Governor LePage vetoed the marijuana regulation bill on Friday, delaying recreational sales in Maine. The reason for the veto: federal prohibition. In the Senate, the regulatory bill passed overwhelmingly. It was not a veto-proof majority in the House.
This week, lawmakers will meet again to potentially override the veto, according to WTKR 3 News. LePage did say that the medical marijuana program is failing. He also mentioned an “exploitation of loopholes” that allowed the medical marijuana program’s patient enrollment numbers to increase.
In a letter, LePage said, “Until I clearly understand how the federal government intends to treat states that seek to legalize marijuana, I cannot in good conscience support any scheme in state law to implement expansion of legal marijuana in Maine. We need assurances that a change in policy or administration at the federal level will not nullify those investments.”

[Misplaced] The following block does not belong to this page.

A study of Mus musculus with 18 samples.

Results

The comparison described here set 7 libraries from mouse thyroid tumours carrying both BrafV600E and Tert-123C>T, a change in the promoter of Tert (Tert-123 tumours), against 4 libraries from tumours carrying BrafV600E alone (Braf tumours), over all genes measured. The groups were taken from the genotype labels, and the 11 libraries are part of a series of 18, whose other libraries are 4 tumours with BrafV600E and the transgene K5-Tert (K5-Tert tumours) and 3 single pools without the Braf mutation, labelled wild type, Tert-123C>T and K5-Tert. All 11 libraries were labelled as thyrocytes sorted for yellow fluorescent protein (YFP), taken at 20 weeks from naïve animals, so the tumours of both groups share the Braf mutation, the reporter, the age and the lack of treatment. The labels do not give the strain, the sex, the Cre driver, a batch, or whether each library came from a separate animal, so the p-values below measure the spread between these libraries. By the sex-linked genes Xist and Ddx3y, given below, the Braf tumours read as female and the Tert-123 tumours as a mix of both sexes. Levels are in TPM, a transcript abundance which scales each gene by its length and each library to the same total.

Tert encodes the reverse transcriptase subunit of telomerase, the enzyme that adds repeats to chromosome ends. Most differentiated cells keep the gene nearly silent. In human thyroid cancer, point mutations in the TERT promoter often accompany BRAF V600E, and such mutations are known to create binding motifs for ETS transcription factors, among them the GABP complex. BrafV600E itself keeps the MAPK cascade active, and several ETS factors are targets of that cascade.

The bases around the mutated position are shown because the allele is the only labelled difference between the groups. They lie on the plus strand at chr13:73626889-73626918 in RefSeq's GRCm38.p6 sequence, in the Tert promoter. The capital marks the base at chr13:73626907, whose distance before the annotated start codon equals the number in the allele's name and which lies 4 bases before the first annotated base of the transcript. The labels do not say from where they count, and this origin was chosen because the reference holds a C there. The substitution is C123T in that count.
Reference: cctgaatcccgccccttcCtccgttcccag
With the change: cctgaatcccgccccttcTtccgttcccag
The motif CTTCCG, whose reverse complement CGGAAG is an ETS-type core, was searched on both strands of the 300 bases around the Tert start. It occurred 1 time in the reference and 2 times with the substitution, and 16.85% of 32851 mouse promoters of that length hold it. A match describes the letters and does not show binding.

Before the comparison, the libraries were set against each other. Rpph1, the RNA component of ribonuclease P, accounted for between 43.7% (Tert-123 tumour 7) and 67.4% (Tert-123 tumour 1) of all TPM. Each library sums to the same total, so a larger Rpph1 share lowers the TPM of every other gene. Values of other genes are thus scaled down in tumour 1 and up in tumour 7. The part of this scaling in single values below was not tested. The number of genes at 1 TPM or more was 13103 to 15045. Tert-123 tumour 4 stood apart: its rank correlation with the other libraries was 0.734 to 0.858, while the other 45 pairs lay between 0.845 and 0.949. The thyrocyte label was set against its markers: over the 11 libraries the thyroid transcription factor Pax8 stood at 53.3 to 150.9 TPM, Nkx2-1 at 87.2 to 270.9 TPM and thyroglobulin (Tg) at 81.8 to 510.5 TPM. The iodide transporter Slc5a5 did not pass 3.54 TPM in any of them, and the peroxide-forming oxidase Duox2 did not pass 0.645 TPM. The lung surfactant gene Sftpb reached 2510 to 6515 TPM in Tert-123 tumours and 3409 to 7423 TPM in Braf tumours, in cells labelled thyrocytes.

Erik Altieri of NORML said, regarding the veto that it “is just the latest in a line of anti-democratic attacks coming from his office and his stonewalling will only ensure the prolonged existence of a criminal black market in Maine and deny the state coffers of needed tax revenue.”
Altieri also said, “Maine should be looking at ways to expeditiously implement a robust legalization program that represents what state voters approved at the ballot box.”
LePage cited unreasonable timelines for lawmakers to properly establish regulations. Legal recreational sales are supposed to start on July 1, 2018.